Writing Effective Transition Plans and Goals in Ieps

When people think about high school they often think about planning for the future, yet many high schools fail to focus on preparing all students for life after high school. In fact, students with disabilities are often not taught the skills that they need to succeed upon leaving high school (Thomas, 1996). Too many schools focus more on academic skills and especially now because of the No Child Left Behind Act. However, activities for students with disabilities should focus more on providing them with career preparation skills and life skills that enable them to work alongside others. Many students with disabilities who leave high school are ill prepared to get along in the workforce and often suffer from depression and other difficulties (Council for Exceptional Children, 2011) However, when schools effectively address transition and transition activities in an IEP a student is more prone to experiencing success upon graduation.

Writing an effective transition page in the IEP requires teacher knowledge about the student in question.  Teachers need to know the students’ needs, likes , interests, wants and abillities.  This is crucial in effectively writing a transition plan in the IEP.  However, when doing so, IEP teams must be sure to include all individuals vested in the success of the student, which includes the student as well.  Consequently, one of the most important skills a person with disabilities can acquire upon leaving high school is employability skills. However, this is one area where many schools ill prepare students and in the end the student often is left to depend on others. Schools that have effective employment training have produced more independent adults  (Thomas, 1996). Effective secondary schools realize the need for providing these skills to students with disabilities.  Tranisiton plans will focus on giving students with disabilities opportunities to interact with others in work situations so that they can handle themselves in these situations after they leave school. By incorporating these plans of transition into an IEP you essentially prepare students to learn invaluable skills such as working with other people, responsibility, independence, and even certain academic skills.

The second area of consideration for wiriting effective transition plans focuses on adaptive living skills of the student.  Adaptive living skills are those things that people face everyday: learning how to cope with life and our environment. Although tasks such as cooking, cleaning, dressing oneself, and interacting with others often present no problems for an ordinary person, for the student with a learning disability they may cause frustration. In turn this frustration leads to displays of behavior. When this happens in a workplace or other public place it could be devastating to them. That is why incorporating this transition goal into the IEP is essential to their success.  They need exposure to situations in order to be able to overcome them later on (Council for Exceptional Children, 2011).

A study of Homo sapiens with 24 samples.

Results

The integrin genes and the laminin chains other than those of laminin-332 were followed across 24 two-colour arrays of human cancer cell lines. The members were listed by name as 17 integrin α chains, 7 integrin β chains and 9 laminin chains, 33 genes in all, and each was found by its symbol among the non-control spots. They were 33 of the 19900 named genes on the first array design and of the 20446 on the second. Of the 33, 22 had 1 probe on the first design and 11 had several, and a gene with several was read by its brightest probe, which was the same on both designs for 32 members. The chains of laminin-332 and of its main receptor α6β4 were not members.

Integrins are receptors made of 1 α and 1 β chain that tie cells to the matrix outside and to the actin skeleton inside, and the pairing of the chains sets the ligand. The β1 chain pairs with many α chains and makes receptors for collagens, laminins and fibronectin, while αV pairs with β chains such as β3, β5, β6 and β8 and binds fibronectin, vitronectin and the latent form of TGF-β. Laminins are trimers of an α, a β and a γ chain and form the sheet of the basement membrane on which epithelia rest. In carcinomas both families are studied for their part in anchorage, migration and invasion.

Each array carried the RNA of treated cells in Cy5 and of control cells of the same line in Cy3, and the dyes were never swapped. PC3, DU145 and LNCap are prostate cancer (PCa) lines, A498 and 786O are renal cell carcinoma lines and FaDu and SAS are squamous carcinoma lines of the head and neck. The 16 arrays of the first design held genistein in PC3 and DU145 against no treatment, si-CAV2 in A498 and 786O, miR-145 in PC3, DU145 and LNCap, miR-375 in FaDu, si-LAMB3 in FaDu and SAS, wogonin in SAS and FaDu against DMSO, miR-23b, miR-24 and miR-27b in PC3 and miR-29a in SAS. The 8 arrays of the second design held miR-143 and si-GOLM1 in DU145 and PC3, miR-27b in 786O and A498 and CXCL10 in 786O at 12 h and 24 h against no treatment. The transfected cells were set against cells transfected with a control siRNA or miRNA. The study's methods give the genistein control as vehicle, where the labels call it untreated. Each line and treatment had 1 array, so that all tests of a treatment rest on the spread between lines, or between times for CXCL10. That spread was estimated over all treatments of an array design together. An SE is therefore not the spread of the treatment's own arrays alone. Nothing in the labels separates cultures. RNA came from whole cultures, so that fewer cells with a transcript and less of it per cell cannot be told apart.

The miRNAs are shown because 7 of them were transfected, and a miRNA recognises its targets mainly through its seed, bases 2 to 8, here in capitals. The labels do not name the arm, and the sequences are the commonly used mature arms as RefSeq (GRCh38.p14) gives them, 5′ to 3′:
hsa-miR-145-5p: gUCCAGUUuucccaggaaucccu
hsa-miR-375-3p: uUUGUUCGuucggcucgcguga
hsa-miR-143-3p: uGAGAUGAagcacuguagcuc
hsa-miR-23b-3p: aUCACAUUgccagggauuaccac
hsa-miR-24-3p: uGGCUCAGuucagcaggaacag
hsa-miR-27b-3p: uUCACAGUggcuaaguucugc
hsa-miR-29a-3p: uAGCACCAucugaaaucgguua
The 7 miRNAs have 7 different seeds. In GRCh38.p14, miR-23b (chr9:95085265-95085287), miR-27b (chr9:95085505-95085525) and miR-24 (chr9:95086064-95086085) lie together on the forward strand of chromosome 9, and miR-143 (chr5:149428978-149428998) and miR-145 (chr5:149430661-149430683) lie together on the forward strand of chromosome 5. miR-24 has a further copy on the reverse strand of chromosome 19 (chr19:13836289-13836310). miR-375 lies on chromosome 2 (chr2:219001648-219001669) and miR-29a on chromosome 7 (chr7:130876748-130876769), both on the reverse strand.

The third area of transition planning is academics. Learning disabled students are not at grade level and because of this the task of many schools is to try to get them on grade level or as close to it as possible. However, in doing so they fail to realize that what the learning disabled student needs are functional skills. These students often are not prepared for certain life skills and later on this leads to them needing to depend on others to do it for them. Students with learning disabilities do need to acquire a certain academic skills, but what they need differs from one person to the next. One of the areas which schools should promote is functional academic skills like practical math: adding, subtracting, keeping a checkbook, using money, and learning how to shop. Measuring skills also are very useful for the learning disabled student because it involves learning how to cook (Thomas, 1996). Schools need to develop classes that teach these skills and hands on experiences is often the best way to go.

Finally, the plan should focus on what skills the child already has, the functioning level of the child, and what supports the child needs to succeed. Agencies need to be identified and parents and the student need to be active participants in the process. It is important that effective secondary planning focus on specific need areas and that they subsequently address how and what supports will be provided (NICHY, 2011). Schools can provide information as to what agencies are available for the child and link the child with those agencies before he graduates. It is important that schools prepare the student because of the frustration the student experiences when faced with new possibilities.